Blog Archive

Friday, 29 May 2009

Foraging in Bermuda - Surinam Cherry

























thanks to scentofgreenbananas for the image.

About the size of a bing cherry but not as sweet, these cherries don't really taste like a bing cherry. They are slightly astringent. More of a shrub or bush than a tree, they are found quite often growing as hedge along the road or railway trail. As usual I never pick fruit growing along roads, I don't really want to consume any more hydrocarbons than I already do.

When we were putting in a raised bed garden out at the east end of the island my friend Emily presented us with some surinam cherry juice mixed with a bit of lemon. I suggested that it would be really good with some Black Seal, the local dark rum. With a little sweetener, stevia or agave syrup, this concoction makes a delicious and refreshing drink.

Emily harvests the cherries and squeezes out the ample juice by hand, simultaneously removing the bitter skins and seeds.

This plant is considered invasive by some in south Florida.

You can read more about this delicious fruit at Dave's Garden. Here is an excerpt from a comment by foodiesleuth;

"We have two large shrubs in our yard - they are about 10' tall and about the same size in span. They are covered in fruit at this time and usually fruit twice a year.
I do not notice too many volunteer plants underneath. The birds don't seem to bother them and we have no squirrels.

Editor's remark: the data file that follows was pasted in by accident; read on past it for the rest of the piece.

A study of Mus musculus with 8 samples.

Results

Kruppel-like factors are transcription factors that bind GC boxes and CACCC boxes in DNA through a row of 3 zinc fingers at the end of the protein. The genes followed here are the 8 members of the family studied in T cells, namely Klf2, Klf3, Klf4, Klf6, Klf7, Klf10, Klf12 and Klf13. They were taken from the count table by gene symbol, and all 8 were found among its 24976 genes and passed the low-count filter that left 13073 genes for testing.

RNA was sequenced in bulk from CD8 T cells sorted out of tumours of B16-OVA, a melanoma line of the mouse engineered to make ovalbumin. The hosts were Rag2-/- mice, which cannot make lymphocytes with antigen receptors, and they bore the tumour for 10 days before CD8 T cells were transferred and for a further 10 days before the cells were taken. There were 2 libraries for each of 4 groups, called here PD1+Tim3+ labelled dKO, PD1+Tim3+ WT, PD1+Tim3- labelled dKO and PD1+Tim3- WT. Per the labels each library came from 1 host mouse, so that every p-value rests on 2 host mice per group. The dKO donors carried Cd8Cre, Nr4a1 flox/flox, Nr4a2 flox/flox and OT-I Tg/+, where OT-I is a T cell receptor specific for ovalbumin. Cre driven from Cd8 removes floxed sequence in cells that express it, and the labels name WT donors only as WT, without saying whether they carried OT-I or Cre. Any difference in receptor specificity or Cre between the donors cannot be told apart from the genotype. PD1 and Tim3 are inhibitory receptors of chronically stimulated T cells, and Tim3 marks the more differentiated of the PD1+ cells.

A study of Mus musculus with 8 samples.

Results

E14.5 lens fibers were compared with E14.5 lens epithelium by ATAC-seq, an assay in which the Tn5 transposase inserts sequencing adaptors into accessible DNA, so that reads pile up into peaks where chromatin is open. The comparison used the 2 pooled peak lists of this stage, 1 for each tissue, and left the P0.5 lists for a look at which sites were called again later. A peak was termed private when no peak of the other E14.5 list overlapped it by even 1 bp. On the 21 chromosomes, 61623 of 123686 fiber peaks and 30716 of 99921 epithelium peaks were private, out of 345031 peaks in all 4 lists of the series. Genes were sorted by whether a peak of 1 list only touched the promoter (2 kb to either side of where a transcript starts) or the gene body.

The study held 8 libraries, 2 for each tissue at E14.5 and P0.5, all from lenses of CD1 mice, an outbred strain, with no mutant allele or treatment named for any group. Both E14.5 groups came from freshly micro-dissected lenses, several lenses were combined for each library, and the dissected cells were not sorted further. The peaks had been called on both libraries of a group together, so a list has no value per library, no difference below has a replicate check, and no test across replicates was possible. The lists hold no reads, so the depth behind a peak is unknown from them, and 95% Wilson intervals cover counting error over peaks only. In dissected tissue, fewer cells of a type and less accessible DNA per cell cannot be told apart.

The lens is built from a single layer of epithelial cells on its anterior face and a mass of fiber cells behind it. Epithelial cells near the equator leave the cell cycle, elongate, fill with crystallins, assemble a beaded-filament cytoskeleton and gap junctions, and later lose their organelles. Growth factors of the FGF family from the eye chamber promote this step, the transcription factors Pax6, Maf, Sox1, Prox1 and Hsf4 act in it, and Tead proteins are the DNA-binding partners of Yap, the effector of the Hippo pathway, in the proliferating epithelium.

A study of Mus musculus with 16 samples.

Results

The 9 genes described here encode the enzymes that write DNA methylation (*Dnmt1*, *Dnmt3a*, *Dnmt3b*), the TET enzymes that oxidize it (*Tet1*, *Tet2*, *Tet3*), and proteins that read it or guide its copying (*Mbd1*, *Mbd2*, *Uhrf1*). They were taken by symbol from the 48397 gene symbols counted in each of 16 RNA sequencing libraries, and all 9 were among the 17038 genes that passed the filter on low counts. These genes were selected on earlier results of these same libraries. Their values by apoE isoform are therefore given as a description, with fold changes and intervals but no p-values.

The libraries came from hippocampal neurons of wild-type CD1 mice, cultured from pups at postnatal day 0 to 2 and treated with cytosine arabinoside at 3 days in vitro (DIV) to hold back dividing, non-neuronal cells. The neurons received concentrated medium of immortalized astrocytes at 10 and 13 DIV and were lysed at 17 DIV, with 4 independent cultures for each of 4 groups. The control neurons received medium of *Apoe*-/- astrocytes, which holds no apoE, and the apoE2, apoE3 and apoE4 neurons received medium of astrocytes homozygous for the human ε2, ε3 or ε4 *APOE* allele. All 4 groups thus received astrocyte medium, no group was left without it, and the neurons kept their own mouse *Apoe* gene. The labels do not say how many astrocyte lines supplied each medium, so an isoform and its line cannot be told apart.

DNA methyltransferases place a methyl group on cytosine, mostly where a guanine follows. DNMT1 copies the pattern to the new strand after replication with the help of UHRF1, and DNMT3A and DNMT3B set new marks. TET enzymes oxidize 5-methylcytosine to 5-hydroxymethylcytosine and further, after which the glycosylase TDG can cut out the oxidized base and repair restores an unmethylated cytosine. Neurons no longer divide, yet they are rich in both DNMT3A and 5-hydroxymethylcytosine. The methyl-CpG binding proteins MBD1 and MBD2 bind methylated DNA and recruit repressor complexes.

The taste is sweet with a slightly tart undertone. I like making flavored vinegars with it. Wonderful in mixed fresh green salads, with some crumbled feta and chopped toasted macadamia nuts.

3 cups cherries
3/4 cup distilled vinegar
3/4 cup sugar
3/4 cup water

Cook until cherries are soft and mushy. Pass through a fine sieve, pushing as much of the pulp as you can through it. Beautiful ruby red color. Makes great gifts.

UPDATE RE: LARVAE:
I have never noticed any larvae on the fruit. We have had a huge crop of them this year and I have been making many different preserves and vinegars.....Made a wonderful trifle with the jam, vanilla pudding and angel food cake."

2 comments:

Louis said...

You had a huge crop this year? Really what parish do you live in? This year seems so dismal compared to the huge crops I saw last year and the year before.

C Robb said...

Thanks for the comment and for stopping by Louis.

I can't really say that we did or didn't have a good crop. The comment from foodiesleuth is from Florida I think.

The berries I mentioned drinking the juice from were harvested out Ferry Reach way. We've only been back on the island a few months so I don't have a basis for comparison.
What do you make with your cherries?